Nathaniel Bradford grew up eating watermelon, okra and collards from seed passed down from previous generations. What was family heritage is now a family business, as he grows them for sale to fine restaurants and other markets within a 50-mile radius of his home. The former professional landscaper is now a farmer like his great, great, great-grandfather Nathaniel Bradford, who developed the family watermelon before 1850.
“The Bradford watermelon was first documented in 1851 as one of the best of its time,” says Bradford. “At some point, my namesake shared the seed with others, and it ended up in the northeastern U.S. Our family has no idea how widespread or popular it became.”
“We thought my great-grandfather had bred our watermelon,” says Bradford. “He was a plant breeder in our area and had worked with and improved our watermelon, okra and collards.”
Bradford eventually learned about Dr. David Shields. The University of South Carolina professor had researched and written about once-famous regional fruits and vegetables. One of those was the Bradford watermelon.
“I sent him an email asking if ours could be the one he had written about,” says Bradford. “He replied immediately that it was. He and Glen Roberts of Anson Mills (Vol. 46, No. 1) reached out to me and encouraged me to make the seed available.”
Over the next 2 years, Bradford transitioned from landscaping and part-time farming to full-time farming. He soon added the family’s okra and collards, promoting them to regional chefs with much success.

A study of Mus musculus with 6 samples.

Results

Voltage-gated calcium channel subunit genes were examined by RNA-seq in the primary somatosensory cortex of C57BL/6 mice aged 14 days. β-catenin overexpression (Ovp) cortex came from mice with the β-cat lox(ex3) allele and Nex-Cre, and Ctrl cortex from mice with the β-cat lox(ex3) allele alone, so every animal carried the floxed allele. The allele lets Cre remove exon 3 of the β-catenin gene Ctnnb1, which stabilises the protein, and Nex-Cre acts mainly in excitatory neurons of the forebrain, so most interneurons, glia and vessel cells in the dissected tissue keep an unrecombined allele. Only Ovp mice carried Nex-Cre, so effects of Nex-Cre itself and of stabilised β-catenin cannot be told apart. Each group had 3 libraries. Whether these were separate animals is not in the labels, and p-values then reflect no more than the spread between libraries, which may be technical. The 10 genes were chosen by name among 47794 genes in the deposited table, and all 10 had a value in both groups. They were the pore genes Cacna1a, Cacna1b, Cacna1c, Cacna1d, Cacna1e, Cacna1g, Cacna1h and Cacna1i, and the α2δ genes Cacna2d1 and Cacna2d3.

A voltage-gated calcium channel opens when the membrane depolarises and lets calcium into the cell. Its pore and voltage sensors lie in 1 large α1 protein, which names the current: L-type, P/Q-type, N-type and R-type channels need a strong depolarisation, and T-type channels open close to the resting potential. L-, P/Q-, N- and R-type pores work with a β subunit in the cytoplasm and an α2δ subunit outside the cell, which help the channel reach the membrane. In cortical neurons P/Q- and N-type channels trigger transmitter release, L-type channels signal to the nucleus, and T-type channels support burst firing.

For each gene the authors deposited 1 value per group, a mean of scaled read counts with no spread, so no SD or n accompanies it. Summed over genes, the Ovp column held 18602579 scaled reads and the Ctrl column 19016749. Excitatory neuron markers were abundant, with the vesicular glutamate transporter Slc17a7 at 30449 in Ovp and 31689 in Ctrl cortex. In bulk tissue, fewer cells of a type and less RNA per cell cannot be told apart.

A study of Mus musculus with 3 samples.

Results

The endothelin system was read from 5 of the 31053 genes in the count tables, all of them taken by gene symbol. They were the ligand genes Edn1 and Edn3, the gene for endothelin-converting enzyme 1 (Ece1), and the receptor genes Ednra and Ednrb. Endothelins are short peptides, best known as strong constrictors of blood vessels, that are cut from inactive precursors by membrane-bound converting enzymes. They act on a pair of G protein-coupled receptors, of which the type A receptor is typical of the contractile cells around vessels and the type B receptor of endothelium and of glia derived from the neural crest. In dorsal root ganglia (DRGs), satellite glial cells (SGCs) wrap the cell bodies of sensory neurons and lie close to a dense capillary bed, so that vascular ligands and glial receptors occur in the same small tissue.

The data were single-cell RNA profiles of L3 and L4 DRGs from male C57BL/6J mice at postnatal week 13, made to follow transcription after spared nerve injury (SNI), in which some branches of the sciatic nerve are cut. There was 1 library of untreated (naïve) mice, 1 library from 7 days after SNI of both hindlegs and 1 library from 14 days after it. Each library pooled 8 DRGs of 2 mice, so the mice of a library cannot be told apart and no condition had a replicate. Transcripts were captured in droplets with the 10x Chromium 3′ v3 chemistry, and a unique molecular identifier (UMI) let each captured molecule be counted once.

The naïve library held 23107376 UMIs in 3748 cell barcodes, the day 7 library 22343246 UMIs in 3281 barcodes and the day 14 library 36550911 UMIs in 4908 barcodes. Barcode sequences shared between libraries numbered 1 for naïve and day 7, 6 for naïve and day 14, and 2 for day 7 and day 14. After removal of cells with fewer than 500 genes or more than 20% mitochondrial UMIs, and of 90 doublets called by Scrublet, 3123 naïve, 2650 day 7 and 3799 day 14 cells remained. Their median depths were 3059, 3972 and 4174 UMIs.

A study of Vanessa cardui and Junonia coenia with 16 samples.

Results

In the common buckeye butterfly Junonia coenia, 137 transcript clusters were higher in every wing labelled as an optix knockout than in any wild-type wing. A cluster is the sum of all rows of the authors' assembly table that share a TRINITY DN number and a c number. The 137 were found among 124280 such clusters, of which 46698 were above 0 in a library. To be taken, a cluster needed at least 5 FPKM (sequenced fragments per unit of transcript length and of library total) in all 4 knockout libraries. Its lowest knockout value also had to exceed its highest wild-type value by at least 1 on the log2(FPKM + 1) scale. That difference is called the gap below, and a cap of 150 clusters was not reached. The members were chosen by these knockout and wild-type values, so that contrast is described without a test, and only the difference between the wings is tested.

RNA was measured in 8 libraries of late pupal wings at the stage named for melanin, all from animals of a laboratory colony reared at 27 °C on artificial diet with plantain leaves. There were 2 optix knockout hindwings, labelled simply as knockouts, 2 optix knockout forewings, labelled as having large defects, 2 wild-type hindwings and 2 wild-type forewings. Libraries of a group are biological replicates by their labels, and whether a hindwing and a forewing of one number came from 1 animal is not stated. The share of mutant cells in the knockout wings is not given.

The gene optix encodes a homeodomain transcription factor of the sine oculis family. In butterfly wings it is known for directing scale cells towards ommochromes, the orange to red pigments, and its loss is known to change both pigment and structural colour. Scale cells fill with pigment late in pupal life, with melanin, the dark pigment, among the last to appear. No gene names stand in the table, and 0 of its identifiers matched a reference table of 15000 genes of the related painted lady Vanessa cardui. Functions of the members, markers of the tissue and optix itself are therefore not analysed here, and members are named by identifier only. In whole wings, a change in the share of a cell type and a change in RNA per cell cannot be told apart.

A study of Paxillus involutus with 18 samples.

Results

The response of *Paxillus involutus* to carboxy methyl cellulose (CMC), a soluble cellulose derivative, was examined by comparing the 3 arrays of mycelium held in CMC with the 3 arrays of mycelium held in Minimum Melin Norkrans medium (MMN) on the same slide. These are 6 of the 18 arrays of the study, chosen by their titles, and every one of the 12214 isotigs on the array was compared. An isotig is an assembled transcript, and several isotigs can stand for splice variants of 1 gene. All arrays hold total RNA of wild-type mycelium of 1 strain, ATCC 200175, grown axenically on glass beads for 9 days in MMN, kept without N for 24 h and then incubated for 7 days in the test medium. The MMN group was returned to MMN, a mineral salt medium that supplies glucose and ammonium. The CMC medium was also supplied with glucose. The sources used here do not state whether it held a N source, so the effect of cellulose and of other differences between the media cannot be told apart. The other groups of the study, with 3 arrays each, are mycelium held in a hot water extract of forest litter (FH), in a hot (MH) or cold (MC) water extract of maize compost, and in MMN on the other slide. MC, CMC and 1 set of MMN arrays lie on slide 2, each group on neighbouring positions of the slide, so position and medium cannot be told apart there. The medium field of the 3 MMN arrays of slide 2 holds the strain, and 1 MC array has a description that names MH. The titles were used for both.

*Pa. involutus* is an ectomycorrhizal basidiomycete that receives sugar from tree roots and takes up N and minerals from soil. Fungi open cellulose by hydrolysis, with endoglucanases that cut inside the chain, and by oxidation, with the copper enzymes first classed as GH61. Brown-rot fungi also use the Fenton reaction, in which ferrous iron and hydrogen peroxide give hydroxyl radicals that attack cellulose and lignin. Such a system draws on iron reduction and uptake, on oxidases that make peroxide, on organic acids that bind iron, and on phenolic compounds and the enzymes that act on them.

While he still maintains a Bradford watermelon website, the business continues to change. He’s concentrating on fresh sales versus processed products.
He has also added other old varieties such as Candy Roaster squash, Dutch Fork pumpkins and more. As the family heritage seed story has spread, other seed savers have contacted him, and he’s spreading their stories and seed.
“I’ve met an entire community of seed savers and learned amazing stories of seed saved in freezers, sometimes only a few tablespoons of it, with a hundred years or more of history,” says Bradford.
Last year he introduced Taylor Turnip Tops to South Carolina chefs. The plant produces tops, but not the traditional large turnip root. He received the first seeds from a man named Bill Taylor, whose family had long saved and planted the seed.
“He came to get some watermelon seed and told me about his turnip tops, so we swapped seed,” says Bradford. “When we shared it with our chefs, they went bonkers.”
Later Taylor contacted him with the news that his own seed had gone bad. Meanwhile, some of Bradford’s crop had bolted.
“I harvested 70 lbs. of seed,” says Bradford. “I was able to give him a 5-lb. bag of his seed. Had he not shared with me originally, the variety may well have disappeared.”
Seed for the Bradford Family watermelon and Bradford Family okra is now distributed by Sow True Seed.
Bradford plans to continue trying old crop varieties like Carolina African Runner peanuts, saving seed and, like his ancestors, improving them. Unlike modern peanuts, those selected by Bradford require no pesticides.
However, there’s one seed he’s not sharing. “We aren’t letting our collard seed out right now,” says Bradford. “They’re our bread-and-butter crop, and I want to pass them on to family members. Perhaps they will let them out.”
Contact: FARM SHOW Followup, Bradford Watermelon Company, 5275 Dubose Siding Rd., Sumter, S.C. 29153 (customerservice@bradfordwatermelons.com; www.bradfordwatermelons.com); or Sow True Seed, 243 Haywood St., 
Asheville, N. C. 28801 (ph 828-254-0708; info@sowtrue.com; www.sowtrueseed.com).